If you are nearing 60, it’s a good idea to start thinking about Social Security benefits. Maybe you have a few decades to go before reaching 60, but your parents may be close to that milestone. If so, then read on. You’ll pick up a few ideas here. Your parents will be proud.
When it comes to Social Security benefits, one of the most important decisions to make is when to start taking your benefits. It’s easy if you know when you’ll die. But since no one knows, it can get a little tricky.
If you claim it too early at, say, age 62, you’ll get a head start. But then you’ll be locked into a lower benefit amount for the rest of your life. Conversely, you can wait and go for the higher benefit amount. But if you die before you collect enough benefit payments, you’ll be worse off than if you started at age 62.
So what to do? Let’s start by covering some basics.
Full Retirement Age
When you talk about Social Security, there’s one word that keeps coming up: Full Retirement Age, or FRA.
What is FRA? Quite simply, FRA is the age you are eligible to receive 100% of your Social Security benefit. You can think of it as the baseline age – as well as baseline benefit. By the way, the benefit paid at FRA is called Primary Insurance Amount, or PIA. PIA is another word you might hear frequently when discussing Social Security.
In the old days, FRA used to be 65. For today’s retirees, FRA is 66. If you’re born in 1960 or later, your FRA is 67. (For our discussion here, let’s go with age 66.)
If someone tells you your Social Security benefit is $1,000 at Full Retirement Age, it simply means that you’ll receive $1,000 at age 66.
Benefit Amount by Age
Now that we know what FRA is, you should also know that you can start your benefit earlier or later than your FRA. The earliest you can start is at age 62 and the latest is age 70. Between 62 and 70, you can choose any age to start your benefit.
So, why wouldn’t anyone start at 62? Said differently, why would anyone wait until 70?
It’s because the benefit amount is different based on when you start taking your benefit. If you start at 62, you will receive 25% less than if you waited until your FRA (age 66). On the other hand, if you wait until 70 to start your benefit, your monthly check will be 32% higher than if you began at FRA.
Here’s an example. Let’s say your benefit is $1,000 at FRA. At age 62, the benefit is 25% lower at $750. At age 70, it’s $1,320 because it’s 32% higher.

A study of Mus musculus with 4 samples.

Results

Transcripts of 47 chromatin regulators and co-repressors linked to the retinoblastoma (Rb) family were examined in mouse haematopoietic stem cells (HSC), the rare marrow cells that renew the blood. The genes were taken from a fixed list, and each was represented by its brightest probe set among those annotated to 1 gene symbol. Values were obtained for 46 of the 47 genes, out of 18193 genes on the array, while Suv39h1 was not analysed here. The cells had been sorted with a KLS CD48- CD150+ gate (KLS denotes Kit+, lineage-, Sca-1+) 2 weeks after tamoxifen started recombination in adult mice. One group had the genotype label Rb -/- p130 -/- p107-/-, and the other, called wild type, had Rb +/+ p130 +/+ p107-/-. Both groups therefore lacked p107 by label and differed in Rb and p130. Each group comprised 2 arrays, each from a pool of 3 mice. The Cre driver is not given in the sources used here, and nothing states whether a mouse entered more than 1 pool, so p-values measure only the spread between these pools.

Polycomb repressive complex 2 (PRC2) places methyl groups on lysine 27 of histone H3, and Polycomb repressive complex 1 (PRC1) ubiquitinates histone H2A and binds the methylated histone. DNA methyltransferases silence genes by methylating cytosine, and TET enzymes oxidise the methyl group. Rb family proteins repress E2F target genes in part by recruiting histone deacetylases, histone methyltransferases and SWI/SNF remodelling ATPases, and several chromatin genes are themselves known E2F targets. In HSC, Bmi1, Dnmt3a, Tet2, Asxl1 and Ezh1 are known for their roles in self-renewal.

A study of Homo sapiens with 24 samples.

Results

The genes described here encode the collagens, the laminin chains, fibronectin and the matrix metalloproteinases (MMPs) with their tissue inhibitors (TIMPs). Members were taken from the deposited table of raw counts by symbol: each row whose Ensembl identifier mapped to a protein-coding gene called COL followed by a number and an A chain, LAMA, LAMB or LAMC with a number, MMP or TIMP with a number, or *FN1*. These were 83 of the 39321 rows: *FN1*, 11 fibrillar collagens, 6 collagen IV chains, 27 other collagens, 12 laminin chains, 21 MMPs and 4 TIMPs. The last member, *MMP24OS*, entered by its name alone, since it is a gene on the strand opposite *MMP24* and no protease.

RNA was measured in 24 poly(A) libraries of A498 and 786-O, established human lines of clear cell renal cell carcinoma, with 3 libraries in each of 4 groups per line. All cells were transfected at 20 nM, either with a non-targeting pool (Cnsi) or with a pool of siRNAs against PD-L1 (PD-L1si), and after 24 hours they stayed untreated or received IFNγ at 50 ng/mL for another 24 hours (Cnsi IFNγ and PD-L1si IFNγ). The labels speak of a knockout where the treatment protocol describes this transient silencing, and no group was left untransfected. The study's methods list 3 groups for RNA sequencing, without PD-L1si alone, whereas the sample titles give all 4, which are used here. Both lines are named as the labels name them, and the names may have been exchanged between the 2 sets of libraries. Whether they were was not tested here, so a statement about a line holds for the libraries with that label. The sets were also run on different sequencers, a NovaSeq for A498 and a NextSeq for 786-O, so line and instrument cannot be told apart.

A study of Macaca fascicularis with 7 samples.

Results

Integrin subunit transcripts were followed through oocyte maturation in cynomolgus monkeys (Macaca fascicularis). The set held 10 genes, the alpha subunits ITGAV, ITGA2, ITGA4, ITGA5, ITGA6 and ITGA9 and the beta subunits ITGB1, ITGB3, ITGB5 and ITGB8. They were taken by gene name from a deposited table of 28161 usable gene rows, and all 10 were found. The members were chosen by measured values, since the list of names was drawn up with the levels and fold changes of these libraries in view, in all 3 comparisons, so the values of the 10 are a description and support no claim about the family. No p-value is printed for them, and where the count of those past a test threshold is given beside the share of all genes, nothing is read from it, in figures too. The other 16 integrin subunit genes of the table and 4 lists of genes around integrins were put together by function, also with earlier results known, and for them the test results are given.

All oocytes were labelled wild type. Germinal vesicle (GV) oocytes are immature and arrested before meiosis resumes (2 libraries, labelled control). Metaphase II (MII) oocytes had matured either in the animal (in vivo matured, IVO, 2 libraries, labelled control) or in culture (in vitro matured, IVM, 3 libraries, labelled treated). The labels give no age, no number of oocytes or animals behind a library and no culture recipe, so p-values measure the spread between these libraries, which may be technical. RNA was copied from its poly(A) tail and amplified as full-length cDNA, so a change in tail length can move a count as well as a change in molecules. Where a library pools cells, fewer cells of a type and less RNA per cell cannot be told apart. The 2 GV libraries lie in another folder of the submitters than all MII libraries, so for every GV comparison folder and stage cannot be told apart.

You should note that your benefit maxes out at age 70, so you gain nothing by waiting beyond age 70 to start your benefit.
Now, back to the question: When should you starting taking your Social Security benefit? There are at least 3 things you should consider.
1. Life Expectancy
One obvious point is, if you’re healthy and can reasonably expect to live long, it would seem more advantageous to wait until 70. Conversely, if you’re in poor health and don’t expect to make it to “average” life expectancy, it’s probably best to consider starting at 62.
For reference, life expectancy in the U.S. for a 60-year old is 21.3 years for male and 24.4 years for female. That’s 81.3 for male and 84.4 for female. It’s only average for the entire U.S. population, so your own personal life expectancy can be very possibly much longer. Curiously, people with more education tend to live longer than those who are less educated. Married people also live longer than single people.
2. Cash Needs
Another consideration is cash needs. If you’re still working or you don’t need the money, you might consider waiting until 70. But if you need the money, well, you have little choice but to start taking your benefits.
3. Marital Status
Back in the day, there were some savvy planning opportunities for married couples, but they more or less disappeared in 2016 with the exception of a small group of people of certain ages who grandfathered in. Still, if you’re married, there still may be some planning opportunities especially if one of you has substantially higher benefits than the other. Curiously, these opportunities may apply to you even if you're divorced.